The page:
10 Issues We Liked at the Web This Month – Wit & Pleasure

Photo by Lucija Ros on Unsplash

To begin, if someone could kindly step forward and inform me how it’s a remote possibility that the month of July has already come to a close, that would be greatly appreciated. How does time, this year especially, simultaneously feel like it’s rushing by and merely dragging along?? How? I’m unsure I’ll ever quite grasp it.

Existential quandaries aside, I hope the month of July was a good one for you (you know…considering). I hope you were able to find small slivers of joy in your days and moments of togetherness where possible. And, even if it wasn’t a great month, I hope you remember that you’re not alone in it, and that no bad feeling will last forever. I’m rooting for you, no matter which camp you fall in.

Today we’re rounding up some of the delightful, moving, intriguing things that caught our team’s attention over the course of the past few weeks. If there’s anything you came across this month that you’d like to share, we’d love to hear your input in the comments! We hope you enjoy the weekend folks.

1.Together, You Can Redeem the Soul of Our Nation,” an essay written by Congressman John Lewis shortly before his death. It’s a moving call to action for all of us to speak out when we see injustice, to stand up for what’s right, and to vote. Mr Lewis wrote, “Though I may not be here with you, I urge you to answer the highest calling of your heart and stand up for what you truly believe. In my life I have done all I can to demonstrate that the way of peace, the way of love and nonviolence is the more excellent way. Now it is your turn to let freedom ring.”

2. Kim Rhodes at A Cup of Jo shared the beauty uniform of one Samantha Irby—an incredibly poignant, evocative, and very funny writer whose work you’re probably (hopefully) already privy to. In the post, Samantha dishes on her beauty tips and offers a glimpse into her life, including how staying home during the pandemic is going for her. In terms of the latter, she says, “I think I’m the most equipped person for this kind of pandemic. I do not need to see the sun. . . . I see people online who are like, ‘I haven’t been outside! I can’t handle it,’ and I cannot relate.” More power to you, Samantha. More power to you.

3. In this article, “Our Lives Happen in Restaurants,” seven writers share their most memorable experiences from dining in restaurants. It’s a beautiful, tangible reminder of the importance these spaces hold in our lives.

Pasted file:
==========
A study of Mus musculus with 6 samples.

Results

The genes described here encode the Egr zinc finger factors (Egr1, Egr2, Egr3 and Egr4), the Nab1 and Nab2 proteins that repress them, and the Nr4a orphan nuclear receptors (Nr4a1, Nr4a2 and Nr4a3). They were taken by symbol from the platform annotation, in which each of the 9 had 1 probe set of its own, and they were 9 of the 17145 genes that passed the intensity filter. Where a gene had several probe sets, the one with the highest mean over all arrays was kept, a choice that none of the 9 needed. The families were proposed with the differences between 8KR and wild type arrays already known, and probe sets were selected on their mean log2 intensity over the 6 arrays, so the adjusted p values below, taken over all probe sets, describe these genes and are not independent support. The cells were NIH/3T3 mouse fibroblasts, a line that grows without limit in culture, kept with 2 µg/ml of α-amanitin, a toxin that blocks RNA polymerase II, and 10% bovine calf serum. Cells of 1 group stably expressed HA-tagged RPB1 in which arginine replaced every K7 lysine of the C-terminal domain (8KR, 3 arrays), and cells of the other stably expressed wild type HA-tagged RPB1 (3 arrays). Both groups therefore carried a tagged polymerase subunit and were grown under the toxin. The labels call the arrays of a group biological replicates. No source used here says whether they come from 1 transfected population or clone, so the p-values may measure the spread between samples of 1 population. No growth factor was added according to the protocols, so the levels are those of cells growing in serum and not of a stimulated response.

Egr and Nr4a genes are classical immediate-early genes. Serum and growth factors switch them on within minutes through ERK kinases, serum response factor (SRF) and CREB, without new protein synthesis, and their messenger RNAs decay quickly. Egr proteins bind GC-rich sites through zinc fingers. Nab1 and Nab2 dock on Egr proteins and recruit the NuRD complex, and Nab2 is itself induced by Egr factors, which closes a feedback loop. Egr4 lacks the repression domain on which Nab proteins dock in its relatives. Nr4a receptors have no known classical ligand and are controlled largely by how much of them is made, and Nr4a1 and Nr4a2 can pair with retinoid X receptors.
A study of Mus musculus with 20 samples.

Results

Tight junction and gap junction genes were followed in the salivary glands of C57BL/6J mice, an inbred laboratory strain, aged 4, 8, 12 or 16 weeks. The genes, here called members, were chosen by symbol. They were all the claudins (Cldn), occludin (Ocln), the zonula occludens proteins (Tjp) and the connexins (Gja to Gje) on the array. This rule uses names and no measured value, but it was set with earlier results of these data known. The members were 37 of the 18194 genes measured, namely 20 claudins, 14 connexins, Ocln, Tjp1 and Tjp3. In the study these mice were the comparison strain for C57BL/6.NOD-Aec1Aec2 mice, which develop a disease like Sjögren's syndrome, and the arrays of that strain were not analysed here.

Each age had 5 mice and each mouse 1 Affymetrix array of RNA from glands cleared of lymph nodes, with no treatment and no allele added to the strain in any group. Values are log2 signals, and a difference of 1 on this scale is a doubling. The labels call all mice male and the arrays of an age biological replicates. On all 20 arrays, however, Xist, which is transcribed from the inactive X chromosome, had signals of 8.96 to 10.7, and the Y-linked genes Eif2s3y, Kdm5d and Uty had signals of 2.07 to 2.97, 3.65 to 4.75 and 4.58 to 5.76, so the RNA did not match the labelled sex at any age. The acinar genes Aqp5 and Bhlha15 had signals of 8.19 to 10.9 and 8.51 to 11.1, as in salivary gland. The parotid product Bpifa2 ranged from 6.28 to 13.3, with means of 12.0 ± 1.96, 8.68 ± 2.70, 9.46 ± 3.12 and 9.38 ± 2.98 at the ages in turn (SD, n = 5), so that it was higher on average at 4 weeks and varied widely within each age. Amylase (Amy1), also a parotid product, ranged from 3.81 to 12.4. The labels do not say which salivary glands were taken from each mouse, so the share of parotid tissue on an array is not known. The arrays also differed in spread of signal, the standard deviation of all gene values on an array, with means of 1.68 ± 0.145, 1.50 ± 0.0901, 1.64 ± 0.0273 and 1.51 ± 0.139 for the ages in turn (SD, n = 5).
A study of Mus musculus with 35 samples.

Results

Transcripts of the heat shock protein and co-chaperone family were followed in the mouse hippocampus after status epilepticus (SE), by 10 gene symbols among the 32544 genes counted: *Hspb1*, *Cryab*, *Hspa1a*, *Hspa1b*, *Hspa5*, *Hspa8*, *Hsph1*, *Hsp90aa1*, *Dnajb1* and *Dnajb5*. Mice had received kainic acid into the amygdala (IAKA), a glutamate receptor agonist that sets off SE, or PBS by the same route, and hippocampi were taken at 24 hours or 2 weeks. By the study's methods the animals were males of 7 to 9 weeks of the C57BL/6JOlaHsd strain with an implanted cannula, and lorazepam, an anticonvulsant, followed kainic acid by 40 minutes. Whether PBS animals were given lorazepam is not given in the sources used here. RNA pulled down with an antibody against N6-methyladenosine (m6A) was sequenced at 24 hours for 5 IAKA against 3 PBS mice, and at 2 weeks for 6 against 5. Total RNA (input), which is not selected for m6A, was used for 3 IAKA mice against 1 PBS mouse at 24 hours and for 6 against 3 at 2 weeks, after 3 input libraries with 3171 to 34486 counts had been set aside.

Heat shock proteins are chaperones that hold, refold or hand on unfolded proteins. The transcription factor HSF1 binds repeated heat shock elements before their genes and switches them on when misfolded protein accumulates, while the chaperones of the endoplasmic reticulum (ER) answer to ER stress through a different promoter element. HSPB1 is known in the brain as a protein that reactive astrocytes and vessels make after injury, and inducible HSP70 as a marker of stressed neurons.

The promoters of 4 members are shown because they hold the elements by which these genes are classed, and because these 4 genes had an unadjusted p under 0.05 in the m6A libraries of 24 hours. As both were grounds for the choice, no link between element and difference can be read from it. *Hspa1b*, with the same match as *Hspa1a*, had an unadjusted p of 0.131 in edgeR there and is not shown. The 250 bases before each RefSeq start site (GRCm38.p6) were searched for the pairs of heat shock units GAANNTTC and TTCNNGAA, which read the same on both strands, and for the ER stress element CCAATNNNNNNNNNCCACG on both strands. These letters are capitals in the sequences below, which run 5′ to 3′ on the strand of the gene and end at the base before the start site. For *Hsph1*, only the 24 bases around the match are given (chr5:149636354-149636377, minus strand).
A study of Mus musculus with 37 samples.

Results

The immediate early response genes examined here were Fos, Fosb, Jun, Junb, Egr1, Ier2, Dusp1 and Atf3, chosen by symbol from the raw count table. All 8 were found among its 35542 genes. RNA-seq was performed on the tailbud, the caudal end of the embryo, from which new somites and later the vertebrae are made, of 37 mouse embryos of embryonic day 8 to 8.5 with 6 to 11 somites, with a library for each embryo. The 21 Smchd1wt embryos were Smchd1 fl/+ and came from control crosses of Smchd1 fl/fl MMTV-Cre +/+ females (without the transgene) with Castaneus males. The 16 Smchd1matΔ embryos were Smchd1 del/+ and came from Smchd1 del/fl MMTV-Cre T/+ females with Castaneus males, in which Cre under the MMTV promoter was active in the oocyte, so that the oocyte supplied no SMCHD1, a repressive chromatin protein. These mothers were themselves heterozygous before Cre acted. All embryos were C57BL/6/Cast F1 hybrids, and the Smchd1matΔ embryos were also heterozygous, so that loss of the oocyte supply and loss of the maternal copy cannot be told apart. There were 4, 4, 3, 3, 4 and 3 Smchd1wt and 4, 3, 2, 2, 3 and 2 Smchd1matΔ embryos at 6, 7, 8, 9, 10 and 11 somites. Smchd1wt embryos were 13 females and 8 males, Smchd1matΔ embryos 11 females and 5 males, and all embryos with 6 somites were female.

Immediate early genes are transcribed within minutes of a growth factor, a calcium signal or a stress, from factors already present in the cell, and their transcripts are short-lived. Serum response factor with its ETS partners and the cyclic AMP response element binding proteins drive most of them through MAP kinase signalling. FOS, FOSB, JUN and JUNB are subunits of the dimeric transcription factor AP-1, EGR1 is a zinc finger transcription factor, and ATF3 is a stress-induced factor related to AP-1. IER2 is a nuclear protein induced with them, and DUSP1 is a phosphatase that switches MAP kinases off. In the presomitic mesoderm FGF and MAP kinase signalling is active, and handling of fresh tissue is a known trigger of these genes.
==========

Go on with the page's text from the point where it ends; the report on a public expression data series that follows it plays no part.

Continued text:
4. A book by Aminatou Sow and Ann Friedman called Big Friendship: How We Keep Each Other Close. The pandemic has brought into clear focus just how important my friendships are (and the difference between a deep friendship and a surface level friendship) and this is on my list of books to read!

5. Wit & Delight contributor Vanessa McDuffie is launching NUE BEDFORD, an art space for queer BIPOC creatives in Minneapolis. Per Vanessa, “The idea is to have a unified space to house local art of the queer community in a safe, loving, supportive environment. . . . Help us make it possible to rent a space to (eventually!) create workshops, pop up shops, gallery events and networking opportunities for an inclusive Minneapolis art scene.” If you’re interested in supporting this initiative, you can donate through the GoFundMe and follow along for future updates on Instagram.

6. A new-to-me apartment tour that features an eye-catching floor-to-ceiling display of books, endless pops of personal character, and a dark, windowless bedroom that’s as dramatic as it is inviting.

7. “Congrats to All My Husbands,” a delightful article by Sangeeta Singh-Kurtz that celebrates the Emmy nominations of a few of the author’s on-screen favorites.

8. A comprehensive article by writer Sara Ligorria-Tramp that dives into the definition, history, and implications of gentrification and explores what you can do about gentrification in your own life. It’s an opportunity to begin to educate yourself about a very impactful topic and to open up further discussions about gentrification going forward.

9. Here’s something to make you smile: the story of Chang Wan-ji and Hsu Sho-er, the octogenarian owners of a laundry shop who decided to start an Instagram account in which they model forgotten clothes left behind by customers. I really have no words other than, can someone make me look this impossibly chic too??

10. A helpful essay by Michelle Ruiz entitled “Is Everyone Mad at Me?”—for all the other anxious minds out there who find yourselves asking this question more often than you’d like to admit. (Hint: the answer is almost always no.)